Nerve growth or neurotrophic factors are small proteins that support neurons and encourage their growth and survival during development. There has been considerable preclinical research exploring their potential use in Parkinson’s.

They have been shown to rescue neurons in laboratory models of Parkinson’s, exhibiting powerful protective properties.

Testing Novel Approaches to Target Neurotrophic Factors for Parkinson’s

Cure Parkinson’s is funding two studies of interesting neurotrophic factors: called cerebral dopamine neurotrophic factor or CDNF and GDF5.

Professor Mart Saarma and colleagues at the University of Helsinki have discovered a tiny fragment of the CDNF protein (C-CDNF) that can pass through the blood brain barrier (the protective membrane surrounding the brain and central nervous system) and still exhibit the positive properties of the larger molecule, CDNF. They are testing this protein in laboratory models of Parkinson’s to assess its potential as a neuroprotective therapy. It is hoped that C-CDNF will allow for a more straightforward oral or peripheral administration of a future neurotrophic factor based therapy for Parkinson’s.

Professors Gerard O’Keeffe and Aideen Sullivan in Cork, Ireland have determined that the nerve growth factor GDF5 provides brain protective benefits in models of Parkinson’s. The team will be comparing and combining two nerve growth factors (GDNF and GDF5) and will use modified viruses to carry the growth factors directly into the brain of Parkinson’s models in the lab. If successful, this project will lay the foundations for GDF5 to move forward into clinical trials.

Neurotrophic factors – the background

The translation of neurotrophic factor research into humans has not been easy.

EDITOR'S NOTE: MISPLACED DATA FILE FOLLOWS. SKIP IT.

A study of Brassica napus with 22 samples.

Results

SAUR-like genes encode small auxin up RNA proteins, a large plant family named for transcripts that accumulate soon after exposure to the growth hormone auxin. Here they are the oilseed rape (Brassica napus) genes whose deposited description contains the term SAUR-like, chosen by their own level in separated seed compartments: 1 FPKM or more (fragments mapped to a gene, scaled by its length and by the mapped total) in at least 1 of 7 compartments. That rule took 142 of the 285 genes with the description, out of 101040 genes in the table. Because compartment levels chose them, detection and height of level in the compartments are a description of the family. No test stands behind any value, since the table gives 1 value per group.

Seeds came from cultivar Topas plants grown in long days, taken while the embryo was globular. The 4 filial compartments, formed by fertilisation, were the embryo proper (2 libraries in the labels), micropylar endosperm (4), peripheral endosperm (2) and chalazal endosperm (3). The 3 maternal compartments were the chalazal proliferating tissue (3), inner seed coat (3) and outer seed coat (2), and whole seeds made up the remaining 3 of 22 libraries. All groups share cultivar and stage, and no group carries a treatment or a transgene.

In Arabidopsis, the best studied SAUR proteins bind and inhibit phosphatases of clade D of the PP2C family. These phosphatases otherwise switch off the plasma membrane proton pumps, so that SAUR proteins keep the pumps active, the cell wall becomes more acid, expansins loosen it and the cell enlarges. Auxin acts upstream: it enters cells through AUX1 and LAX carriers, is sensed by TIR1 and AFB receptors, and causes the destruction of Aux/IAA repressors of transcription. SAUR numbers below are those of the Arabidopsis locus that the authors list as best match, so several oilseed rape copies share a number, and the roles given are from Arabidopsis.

In February 2019, the results of the phase 2 Bristol study investigating the use of a neurotrophic factor called glial cell-derived neurotrophic factor (or GDNF) in people with Parkinson’s were published. While there were some encouraging signs of improvements in those receiving GDNF, there was no significant difference between the active treatment group and those who received placebo on any assessments of Parkinson’s symptoms in the nine month trial.

Progress in the field of neurotrophic factors

Gene therapy:

December 2020: Brain Neurotherapy Bio, Inc. (BNB), a private clinical-stage gene therapy development company, has reached an agreement to merge and become a wholly-owned subsidiary of Asklepios BioPharmaceutical, Inc. The union of BNB and AskBio will provide critical financial support and access to adeno-associated virus (AAV) gene therapy for Parkinson’s.

Delivery of neurotrophic factors into the brain

Work is intensifying in the delivery of small fragment growth factors to the brain, such as the Cure Parkinson’s funded study of C-CDNF.  If effective pre-clinically, these small fragments may be developed for subcutaneous or nasal delivery which would be less invasive and therefore could make growth factors a viable restorative therapy for people with Parkinson’s.

Infusion:

In the recent trials in Bristol of GDNF and in Scandinavia with CDNF, a novel convection enhanced delivery device developed by Renishaw has been used.  This has enabled pin-point precise delivery of the molecules to the brain and has ensured that the neurotrophic factors are only delivered to the area where brain cells have been affected. The device has not received regulatory approval so can only be used in a clinical trial setting.  However Herantis Pharma has opted to explore alternative delivery approaches for CDNF that would not involve invasive brain surgery for infusions of growth factors.

Nanoformulation:

A recent paper from Dr Olesja Bondarenko and Professor Mart Saarma, published in Frontiers of Cellular Neuroscience, reviews the array of different neurotrophic factor delivery methods for Parkinson’s based on the clinical trials of GDNF and CDNF to date, as well as the current and future possibilities of using nano-sized particles as carriers of these drugs into the brain.

Nanoformulation is an exciting strategy to deliver drugs into the brain. It is a non-invasive delivery method that involves the incorporation of drugs into small carriers that can be specifically targeted to areas where they can have the most therapeutic effect. Such methods may be critical to optimise the effectiveness of future Parkinson’s treatments

Dr Leah Mursaleen, Research Manager, Cure Parkinson’s

Cure Parkinson’s continues to explore every opportunity for neurotrophic factors in Parkinson’s and will persevere within this field of research.